Want To Stop National Concealed-Carry? Start With This Video.

Remember Larry Craig? He was the Republican Senator from Idaho who was the staunchest gun advocate in the U.S. Congress and was even a member of the NRA Board. My friends in Fairfax had the good sense to dump old Larry after he spent a little too much time in an airport toilet, but before that unfortunate incident occurred, he was known chiefly for introducing the first national concealed-carry bill in 1997, which this year finally has a chance of becoming law.

carrier             The bill, (SB446 or HB38), not only allows someone with a CCW permit issued in his state to carry a concealed weapon into any other state, but even allows someone who lives in a state that does not require a specific CCW permit to go armed into states where a CCW permit is required for residents in those states. In other words, the ability to carry a concealed weapon throughout the United States becomes even easier than what is required to drive a car from one state to another, because every state requires that you can’t drive without a valid driver’s license, but at least 12 states don’t require any licensing for CCW, a number which may go to 15 or 16 states before the end of this year. And by the way, at least 24 states do not require any kind of training or performance certification before you strap on the old gun.

Folks, let me break the news to you gently. If national CCW becomes law (and Trump promoted the idea again and again during the campaign,) as far as I’m concerned, Gun-nut Nation has won. It’s not the idea that concealed-carry gunnies are necessarily more dangerous than anyone else, or that CCW would mean an increase in violence and crime. What it really means is that walking around with a gun is just as normal and mainstream as walking around with a droid. And the whole point about guns and gun violence is that don’t ask me how and don’t ask me why, but like my man Walter Mosley says, walk around with a gun and it will go off sooner or later.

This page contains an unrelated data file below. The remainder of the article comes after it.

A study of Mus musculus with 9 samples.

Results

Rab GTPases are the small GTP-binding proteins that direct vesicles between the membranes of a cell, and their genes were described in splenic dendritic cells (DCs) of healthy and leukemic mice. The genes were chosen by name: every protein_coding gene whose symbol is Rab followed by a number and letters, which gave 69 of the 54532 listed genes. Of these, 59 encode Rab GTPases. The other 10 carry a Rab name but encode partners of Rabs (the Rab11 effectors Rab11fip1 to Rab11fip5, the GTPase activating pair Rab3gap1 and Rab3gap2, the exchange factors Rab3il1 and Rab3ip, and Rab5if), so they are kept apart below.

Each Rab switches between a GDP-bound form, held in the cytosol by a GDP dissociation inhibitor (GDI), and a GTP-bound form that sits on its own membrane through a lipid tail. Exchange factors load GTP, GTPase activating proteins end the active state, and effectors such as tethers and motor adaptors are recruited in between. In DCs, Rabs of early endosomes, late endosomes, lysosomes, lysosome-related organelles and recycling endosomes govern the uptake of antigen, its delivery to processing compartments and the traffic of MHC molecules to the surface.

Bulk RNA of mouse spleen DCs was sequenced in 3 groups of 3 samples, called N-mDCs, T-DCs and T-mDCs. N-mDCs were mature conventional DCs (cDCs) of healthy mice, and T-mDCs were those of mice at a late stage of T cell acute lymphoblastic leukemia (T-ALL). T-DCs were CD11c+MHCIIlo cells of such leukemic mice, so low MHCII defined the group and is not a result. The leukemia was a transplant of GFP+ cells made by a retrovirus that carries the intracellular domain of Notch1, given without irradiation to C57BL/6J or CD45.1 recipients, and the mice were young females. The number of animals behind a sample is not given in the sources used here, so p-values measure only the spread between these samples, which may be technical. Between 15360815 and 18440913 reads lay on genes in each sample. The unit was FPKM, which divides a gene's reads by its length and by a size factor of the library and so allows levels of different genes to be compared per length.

So this bill represents a real threat to everyone who believes that we shouldn’t be tolerating 120,000 deaths and injuries each year because of guns. And my friends at States United to Prevent Gun Violence have just rolled out a remarkable video to drive this point home. It’s called Carrier or Killer and consists of 5 scenes after which the viewer has to guess whether the person on the camera could or should be considered a threat with a gun.  I actually got one of the five wrong because I swear that this kid standing in a convenience store was holding a gun. He wasn’t, and by the way, he’s now dead.

The most chilling video shows a young man innocently entering a building; there’s absolutely nothing in his dress, demeanor or what he is carrying that might make you believe that he would commit violence with a gun. The video, it turns out, is Dylann Roof entering the Emanuel AME Church in Charleston just before he shot nine people dead.

Folks, you have to watch this video. Then you have to watch the YouTube trailer. Then you have to get involved, put it on your Twitter, or your Facebook, or your Instagram, or however you connect with everyone else. Because national concealed-carry not only represents dreams come true for Gun-nut Nation, it’s a cynical and exploitive attempt to promote gun ownership for all the reasons that guns don’t need to be owned.

You don’t need to carry a gun because you’re afraid. You need to figure out what is causing the fear and deal with the cause, which isn’t the same thing as buying into the gun industry’s nonsense about protecting yourself with a gun. Unless you’re willing to put in hundreds of training hours which you’re not, the gun just increases the risk to you and everyone else.


  1. National reciprocity would not bother me if there was a national standard. I doubt every Donald, Wayne, and Sarah would want to go through the trouble of a New Mexico style CHL process so if there was a national baseline it would raise the bar. We probably won’t kill any more people than we do now because the people doing the vast majority of the gun killing are not the people obtaining CHLs. But since you mention standards, having standards for driving within and between states doesn’t keep us from killing more of each other with cars than we do with guns. Part of the reason is that the standards have to matter. I have to renew my CHL proficiency every two years. Last time I took a drivers test was when I passed it in 1973. Go figure.

    Also, with some baseline process, one would have to say to one’s self “there is a reason I am doing this to make it worth the time and trouble”, i.e., if one is really vulnerable to a robbery or assault. Not just to fulfill a mythology that More Guns Make Us Better.